Divers Recover Flight 111'S `Black Box' -- Plane's Cockpit Voice Recorder Still Sought
The Washington Post
HALIFAX, Nova Scotia - Canadian divers recovered the flight-data recorder from Swissair Flight 111 yesterday amid a huge amount of aircraft debris on the Atlantic Ocean floor that includes what appear to be three large pieces of the fuselage.
The discoveries boosted the pace of the investigation into why the McDonnell Douglas MD-11 plunged into the ocean off Nova Scotia's southern coast while attempting to make an emergency landing at nearby Halifax.
So far the only clue to why 229 people died on the New York-to-Geneva flight Wednesday is that the pilots calmly and professionally reported smoke in the cockpit.
Vic Gerden, the Canadian Transportation Safety Board's investigator in charge, called the discovery of the recorder "a very important step."
The solid-state recorder - encased in a crash-resistant, fire-resistant titanium box - is designed to record as many as 140 aircraft movements and control inputs, and the condition of many aircraft systems at any moment during a flight.
The device, called a "black box" though it is painted orange, was found in 180 feet of water.
Gerden said he did not know the condition of the recorder, which has been flown to the safety board's laboratory in Ottawa. If it is intact, a multinational team of technicians will work 24 hours a day to decipher its data. Their first question will be whether the data is useful and whether a possible loss of electricity aboard the plane just before the crash will mean loss of data.
The plane's cockpit voice recorder has not been found, and Canadian navy Captain Phil Webster said that sonar equipment had failed to pick up any signal from its emergency transponder. The recorder is designed to preserve the cockpit crew's last 30 minutes of conversation.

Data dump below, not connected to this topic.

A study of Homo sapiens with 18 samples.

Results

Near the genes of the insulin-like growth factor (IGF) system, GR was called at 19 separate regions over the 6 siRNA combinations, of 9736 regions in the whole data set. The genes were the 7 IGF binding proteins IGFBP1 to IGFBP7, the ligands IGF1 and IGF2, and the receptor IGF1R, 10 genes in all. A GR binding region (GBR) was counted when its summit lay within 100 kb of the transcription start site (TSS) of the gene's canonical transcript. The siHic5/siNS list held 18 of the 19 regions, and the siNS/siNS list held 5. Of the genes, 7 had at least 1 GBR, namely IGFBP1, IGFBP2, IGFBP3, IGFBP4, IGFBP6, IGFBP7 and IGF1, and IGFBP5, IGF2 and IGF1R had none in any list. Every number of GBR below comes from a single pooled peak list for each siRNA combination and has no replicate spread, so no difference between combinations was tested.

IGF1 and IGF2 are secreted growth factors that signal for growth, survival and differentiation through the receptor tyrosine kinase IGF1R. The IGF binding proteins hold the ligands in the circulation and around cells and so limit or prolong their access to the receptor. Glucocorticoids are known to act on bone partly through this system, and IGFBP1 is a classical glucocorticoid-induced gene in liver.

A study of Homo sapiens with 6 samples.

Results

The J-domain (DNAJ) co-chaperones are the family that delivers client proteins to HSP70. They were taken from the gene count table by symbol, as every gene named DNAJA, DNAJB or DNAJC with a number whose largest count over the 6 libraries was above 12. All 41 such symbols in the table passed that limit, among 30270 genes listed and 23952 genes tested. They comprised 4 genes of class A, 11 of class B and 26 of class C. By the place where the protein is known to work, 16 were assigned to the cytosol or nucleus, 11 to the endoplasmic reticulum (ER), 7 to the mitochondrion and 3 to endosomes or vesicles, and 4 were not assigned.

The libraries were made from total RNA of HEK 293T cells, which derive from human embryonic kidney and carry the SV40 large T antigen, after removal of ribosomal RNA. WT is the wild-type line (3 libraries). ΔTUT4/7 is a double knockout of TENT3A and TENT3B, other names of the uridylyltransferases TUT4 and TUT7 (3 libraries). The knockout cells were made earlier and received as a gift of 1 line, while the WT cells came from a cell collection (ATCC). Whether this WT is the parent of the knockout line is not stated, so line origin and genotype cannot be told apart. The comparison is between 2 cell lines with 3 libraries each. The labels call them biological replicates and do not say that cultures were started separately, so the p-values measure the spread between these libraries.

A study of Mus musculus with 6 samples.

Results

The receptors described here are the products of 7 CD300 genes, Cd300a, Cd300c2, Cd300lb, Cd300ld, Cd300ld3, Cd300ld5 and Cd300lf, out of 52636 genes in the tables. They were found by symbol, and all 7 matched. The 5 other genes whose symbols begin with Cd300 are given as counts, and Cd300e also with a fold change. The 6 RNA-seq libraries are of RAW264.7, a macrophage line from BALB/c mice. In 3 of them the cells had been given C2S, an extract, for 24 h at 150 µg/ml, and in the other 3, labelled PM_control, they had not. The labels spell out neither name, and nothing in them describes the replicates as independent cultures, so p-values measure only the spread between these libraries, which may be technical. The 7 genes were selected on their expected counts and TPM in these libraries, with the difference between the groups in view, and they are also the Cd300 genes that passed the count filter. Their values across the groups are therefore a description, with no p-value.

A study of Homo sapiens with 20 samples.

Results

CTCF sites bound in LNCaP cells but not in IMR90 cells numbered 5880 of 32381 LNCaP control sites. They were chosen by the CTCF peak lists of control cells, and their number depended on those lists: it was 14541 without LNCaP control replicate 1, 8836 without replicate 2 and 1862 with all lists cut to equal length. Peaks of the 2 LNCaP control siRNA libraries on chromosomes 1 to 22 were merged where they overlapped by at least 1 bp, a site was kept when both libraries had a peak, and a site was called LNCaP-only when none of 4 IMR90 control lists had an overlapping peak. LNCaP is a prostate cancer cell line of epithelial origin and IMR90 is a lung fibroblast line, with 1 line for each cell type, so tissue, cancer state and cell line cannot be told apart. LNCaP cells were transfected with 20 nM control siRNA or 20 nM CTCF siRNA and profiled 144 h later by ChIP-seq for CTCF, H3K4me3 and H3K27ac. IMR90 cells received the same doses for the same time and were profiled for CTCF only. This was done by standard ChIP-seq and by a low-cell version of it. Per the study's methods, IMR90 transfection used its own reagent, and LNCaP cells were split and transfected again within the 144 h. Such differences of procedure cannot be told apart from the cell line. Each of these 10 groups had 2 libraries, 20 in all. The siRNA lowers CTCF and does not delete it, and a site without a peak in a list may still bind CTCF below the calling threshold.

Divers said the aircraft debris field, lying about six miles southwest of the fishing village of Peggy's Cove, contains one piece about 40 to 50 feet long, another 25 to 30 feet long and another of indeterminate length. Gerden said it was not possible to determine if the cockpit was part of any of the pieces.
Nova Scotia's chief medical examiner, John Butt, said that as soon as the remains of the pilot and copilot are found, they will be tested for fire and smoke injuries or other telltale signs of the problem they faced.
To aid in the recovery, Canadian authorities have asked the U.S. Navy for assistance with a ship used during the recovery operation that followed the crash of TWA Flight 800 off Long Island - the USS Grapple, a salvage vessel that can locate and lift large objects from the ocean bottom. The Grapple left Philadelphia yesterday and is expected in Nova Scotia Wednesday.
Relatives of Flight 111 victims were bused yesterday to a nearby military base to view personal items - clothing, passports, toys - recovered from the Atlantic since the crash.
Butt said that the great number and small size of the remains being found has created an enormous technical challenge, requiring computer software programmers to create a special system to help with identification. Only one intact body has been recovered so far - that of an unidentified woman - along with the largely intact body of an infant.
The DNA analysis - in which tissue samples from the largest of the remains are matched with blood samples from the victims' relatives - has already strained Canadian resources to the point that Canadian officials yesterday asked the U.S. Defense Department for assistance.
In Zurich, Switzerland, Swissair officials said the plane couldn't have made a direct approach to Halifax from where it made the first distress call because it was flying too high and was too heavy.
The call was made 70 miles out of Halifax, but the pilots would have needed 130 miles to make a direct landing, Swissair's chief pilot, Rainer Hiltebrand, said. However, he said attempting to land in Halifax was still better than trying for Boston, which the pilots initially suggested.
Information from The Associated Press is included in this report.